By Jenee Gregor
When scrolling down a Facebook feed, the accuracy of a story isn’t the first thought. Information is glanced upon and reader’s attention spans are shortening. In 2000, a Canadian research study concluded that they had an attention span of about 12 seconds. Now, it is proposed that humans have about an eight second attention span.
Is eight seconds enough to really know anything you read for certain?
“People glance at headlines and that’s the way that they read. Info-snacking is the jargon term,” said David Waskin, WCC journalism program adviser and instructor.
Info-snacking is a term that explains what people are doing with the flooded news feeds, tweets, emails and so on. Just grabbing bits and pieces of headlines, memes and snippets of information and then operating from there.
As the clickbait continues to roll passed eyes of the scroller, what makes it into the memory banks? Things like “pizzagate,” where a story was crafted about a pizza place in Washington D.C. linked to a pedophiliac sex slave trade.
The news had traveled so far and well believed that a man went into Comet Pizza, the restaurant under fire for this rumour and fired a rifle, ready to free these child slaves as reported by a NPR article in December.
“I use Snopes to fact-check” said Luis Villa, physical therapy assistant student at WCC.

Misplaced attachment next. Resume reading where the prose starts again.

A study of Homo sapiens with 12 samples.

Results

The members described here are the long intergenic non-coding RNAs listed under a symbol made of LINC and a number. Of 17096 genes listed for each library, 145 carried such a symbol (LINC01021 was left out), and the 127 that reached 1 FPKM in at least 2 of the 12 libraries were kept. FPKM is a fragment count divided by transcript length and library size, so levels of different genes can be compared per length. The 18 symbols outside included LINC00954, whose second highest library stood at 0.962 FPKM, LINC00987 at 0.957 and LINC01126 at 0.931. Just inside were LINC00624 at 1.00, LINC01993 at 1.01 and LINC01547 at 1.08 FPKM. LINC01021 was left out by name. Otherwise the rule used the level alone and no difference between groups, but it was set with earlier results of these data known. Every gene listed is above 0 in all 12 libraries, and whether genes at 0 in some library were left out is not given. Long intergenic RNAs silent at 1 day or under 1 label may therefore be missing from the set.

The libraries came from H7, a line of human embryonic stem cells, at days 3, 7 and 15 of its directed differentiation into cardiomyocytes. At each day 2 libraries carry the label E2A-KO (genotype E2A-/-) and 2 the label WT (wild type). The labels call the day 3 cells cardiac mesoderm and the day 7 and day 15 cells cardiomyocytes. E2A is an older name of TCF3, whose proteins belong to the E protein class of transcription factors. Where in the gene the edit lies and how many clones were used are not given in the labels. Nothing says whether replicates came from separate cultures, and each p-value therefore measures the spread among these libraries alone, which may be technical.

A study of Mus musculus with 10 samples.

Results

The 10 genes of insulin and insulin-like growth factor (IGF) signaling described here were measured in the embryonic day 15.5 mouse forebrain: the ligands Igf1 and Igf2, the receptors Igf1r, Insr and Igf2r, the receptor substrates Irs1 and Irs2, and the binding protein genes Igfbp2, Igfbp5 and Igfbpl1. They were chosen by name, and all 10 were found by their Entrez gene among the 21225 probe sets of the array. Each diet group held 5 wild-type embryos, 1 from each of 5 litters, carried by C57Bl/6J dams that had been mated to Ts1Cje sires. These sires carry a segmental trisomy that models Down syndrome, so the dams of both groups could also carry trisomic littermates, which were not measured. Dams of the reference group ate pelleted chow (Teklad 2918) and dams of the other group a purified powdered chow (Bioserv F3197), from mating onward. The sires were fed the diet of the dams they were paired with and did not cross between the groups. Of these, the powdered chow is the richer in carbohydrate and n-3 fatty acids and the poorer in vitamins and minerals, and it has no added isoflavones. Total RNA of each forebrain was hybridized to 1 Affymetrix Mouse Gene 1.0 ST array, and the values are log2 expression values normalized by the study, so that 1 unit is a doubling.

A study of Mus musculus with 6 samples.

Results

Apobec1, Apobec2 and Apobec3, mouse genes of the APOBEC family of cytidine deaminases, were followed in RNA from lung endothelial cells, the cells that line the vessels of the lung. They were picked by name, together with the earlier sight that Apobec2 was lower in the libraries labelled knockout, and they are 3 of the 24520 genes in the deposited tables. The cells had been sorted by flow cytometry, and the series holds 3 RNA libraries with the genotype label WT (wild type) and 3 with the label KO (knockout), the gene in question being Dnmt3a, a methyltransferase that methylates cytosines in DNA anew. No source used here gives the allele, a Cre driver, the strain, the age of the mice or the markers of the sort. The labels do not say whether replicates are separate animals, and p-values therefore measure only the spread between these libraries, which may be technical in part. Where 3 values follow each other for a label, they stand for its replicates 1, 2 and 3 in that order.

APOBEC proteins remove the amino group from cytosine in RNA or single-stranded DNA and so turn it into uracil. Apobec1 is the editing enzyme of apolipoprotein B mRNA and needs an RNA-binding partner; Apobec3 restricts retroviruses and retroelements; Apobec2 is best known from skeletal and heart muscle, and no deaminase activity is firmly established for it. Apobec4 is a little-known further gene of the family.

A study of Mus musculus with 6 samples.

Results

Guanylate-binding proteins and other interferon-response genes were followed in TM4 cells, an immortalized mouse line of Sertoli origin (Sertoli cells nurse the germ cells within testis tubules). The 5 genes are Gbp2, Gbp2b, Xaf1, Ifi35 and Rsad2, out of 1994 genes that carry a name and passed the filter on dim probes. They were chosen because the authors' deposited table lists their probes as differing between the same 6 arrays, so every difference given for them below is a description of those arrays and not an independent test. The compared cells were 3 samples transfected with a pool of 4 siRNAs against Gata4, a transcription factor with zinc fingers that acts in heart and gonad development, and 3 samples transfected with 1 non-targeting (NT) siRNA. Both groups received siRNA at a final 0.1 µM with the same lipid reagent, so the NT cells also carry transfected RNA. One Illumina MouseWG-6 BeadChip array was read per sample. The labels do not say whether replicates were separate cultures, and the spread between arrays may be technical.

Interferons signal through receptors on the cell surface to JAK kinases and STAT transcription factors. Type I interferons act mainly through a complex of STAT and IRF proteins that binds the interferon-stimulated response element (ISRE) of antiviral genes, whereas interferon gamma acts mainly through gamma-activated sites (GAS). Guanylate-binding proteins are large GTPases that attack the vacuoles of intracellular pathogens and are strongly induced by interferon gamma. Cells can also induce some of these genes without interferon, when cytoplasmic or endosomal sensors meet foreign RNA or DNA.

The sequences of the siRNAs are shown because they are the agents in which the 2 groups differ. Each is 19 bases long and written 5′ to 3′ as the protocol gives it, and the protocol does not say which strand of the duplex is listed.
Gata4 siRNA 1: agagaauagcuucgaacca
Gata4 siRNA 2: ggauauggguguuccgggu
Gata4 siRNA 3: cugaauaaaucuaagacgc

“The people that seemed to be really for this story or strongly believe this tended to stray away from mainstream news, and reached to alternative sources,” said Waskin.
There are theories and rumors that have floated about and in a charged time, filled with political rhetoric from e-mails to the scandalous alt-right.
“The real culprit is confirmation bias. This phenomenon that we will look for or readily accept information that confirms beliefs that we already hold,” said Waskin.
Outside of this, there are some guidelines that are important to deciphering truth behind the sources before the article is even clicked on. Some things are common sense, but just because it’s a posted article doesn’t mean that it is based in truth.
Looking for a logo or a trusted insignia from a long-running journalistic source, looking for spelling errors in the title and description. And the organization itself, said Waskin.
When scrolling and in the corner of the page there is a website address, are places to look for credibility, using websites that are, .gov, .edu or .org are more reliable said Lindsay Fischer, WCC journalism instructor.
“Go back to the source,” Fischer said. Checking the facts for each person, to make sure the truth is presented.
“A government website, and organization potentially might be biased but more reliable or a trusted news organization is more trustworthy, not just looking at a headline and moving on from there, but clicking on it and going to the website and finding out what the source is.”
Not just trusting that reporting has covered all the bases but to do their own reporting and research. Read into the facts and look markers of truth, not just snacking on information, but actually looking into the resources.